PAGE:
Completed Medical Examiner’s Office debuts with ribbon cutting ceremony! - Coconino County, AZ - Office of the Medical Examiners

May 03, 2019

      

Click here to link to original article...

After 40 years of work at its Fort Valley Road facility, the Coconino County Medical Examiner’s Office has a new home that is bigger, brighter and better than before.

Cars were parked bumper-to-bumper along East Industrial Drive and East Huntington Drive Tuesday afternoon as more than 80 community members and county representatives gathered for a ribbon cutting ceremony and tours of the new facility before normal operations begin in early June.

After seven months of construction and $3.7 million, the repurposed warehouse has become a space for more than just the county’s eight-person medical examiner team.

“As we move forward, this building is about people we serve; about investigating and studying violent, unexpected and suspicious deaths; about assisting and supporting law enforcement; and about helping grieving families and providing closure,” Michael Oxtoby, county interim chief health officer, said.

The new facility is a certified sustainable building totaling approximately 6,200-square feet – more than twice the size of the current building – allowing ample space for both administrative and procedural areas. It also has a 1,700-square-foot storage area.

 

In addition to a lobby, conference room and offices, the new procedural spaces, including a delivery area, are fully enclosed to protect the privacy of decedents and their families. Despite the increased privacy, though, each room is filled with natural light amplified by pristine white walls.

“The flow of work is going to be much easier,” Dr. Lawrence Czarnecki, chief medical examiner, said.

The delivery area leads directly to a large scale built into the floor and a cooler space that can hold up to 29 bodies – compared to only eight at the current facility. There is also additional tissue storage.

The autopsy suite adjacent to the cooler allows for two simultaneous examinations. This room is the brightest, with north-facing windows, LED lights lining the ceiling and fine-detail work lights that can be pulled toward the two autopsy tables and rotated in nearly every direction.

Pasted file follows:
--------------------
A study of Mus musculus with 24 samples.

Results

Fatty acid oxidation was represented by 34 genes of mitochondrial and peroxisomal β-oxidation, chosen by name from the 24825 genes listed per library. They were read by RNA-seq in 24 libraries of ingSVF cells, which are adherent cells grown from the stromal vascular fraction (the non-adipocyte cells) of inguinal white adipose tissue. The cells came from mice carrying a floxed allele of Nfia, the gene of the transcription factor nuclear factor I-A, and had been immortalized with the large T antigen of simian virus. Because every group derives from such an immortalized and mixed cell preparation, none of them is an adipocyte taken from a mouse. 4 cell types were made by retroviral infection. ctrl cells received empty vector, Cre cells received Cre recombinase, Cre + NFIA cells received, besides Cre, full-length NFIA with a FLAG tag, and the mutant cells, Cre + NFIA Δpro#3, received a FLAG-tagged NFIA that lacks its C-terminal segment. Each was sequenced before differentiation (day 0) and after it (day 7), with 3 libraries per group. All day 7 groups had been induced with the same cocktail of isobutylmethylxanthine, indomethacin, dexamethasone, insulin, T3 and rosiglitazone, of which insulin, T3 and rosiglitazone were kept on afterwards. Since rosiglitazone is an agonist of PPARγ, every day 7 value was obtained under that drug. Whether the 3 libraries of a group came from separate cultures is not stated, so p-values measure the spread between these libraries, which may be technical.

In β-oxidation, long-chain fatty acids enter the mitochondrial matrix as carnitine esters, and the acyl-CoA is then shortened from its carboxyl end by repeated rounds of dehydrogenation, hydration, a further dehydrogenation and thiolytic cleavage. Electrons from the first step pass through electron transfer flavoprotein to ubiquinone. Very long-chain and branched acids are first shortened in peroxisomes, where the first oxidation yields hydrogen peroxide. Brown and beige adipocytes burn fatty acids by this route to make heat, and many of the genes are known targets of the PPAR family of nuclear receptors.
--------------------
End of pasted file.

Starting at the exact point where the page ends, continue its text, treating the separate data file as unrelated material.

“There’s more space for storage, which is very important. We have to address things like possible emergencies in Coconino County, possible mass fatalities,” Czarnecki said.

The expanded storage space also accommodates the many diverse groups the office serves beyond the county, including the Federal Bureau of Investigation (FBI), Bureau of Indian Affairs (BIA), National Park Service (NPS), Navajo Nation, Hopi Nation and Havasupai Tribe.

 

Although the team does not currently have plans to increase staff, the additional space will allow them to host interns and other trainees interested in the field.

County representatives agreed the space is a significant improvement.

“It was kind of depressing, embarrassing for how dated the facility was, what our staff had to work with,” Supervisor Matt Ryan said.

Some of the department’s newer equipment, though, such as a portable x-ray system and medical grade storage cabinets, will be transferred to the new facility.

INCREASED COMFORT

Due to the circumstances that typically bring individuals and families to the Medical Examiner’s Office, the new building is designed to be comforting.

“This facility really allows for a breath to be taken in really incredibly intense circumstances,” said Art Babbott, chairman of the Coconino County Board of Supervisors.

A path through a small garden featuring rock, wood, wind and water elements leads to the public entrance, and the lobby is washed in a warm orange paint.

Employee well-being, too, was a priority in the building’s design. Near to the office spaces is a “wellness room” illuminated with sunlight and natural colors. The room is filled with well-cushioned wood furniture and wall space for a game of ring-toss. Employees can also step outside to a small porch.

The morning of the ribbon cutting ceremony, a Navajo blessing was performed over the facility for similar reasons.

“The blessing was done for each and every one of you and for those who are going to be visiting here, so they can enter the building and this property... and be able to handle, with greater strength, what they are having to deal with,” Supervisor Lena Fowler said to ceremony attendees.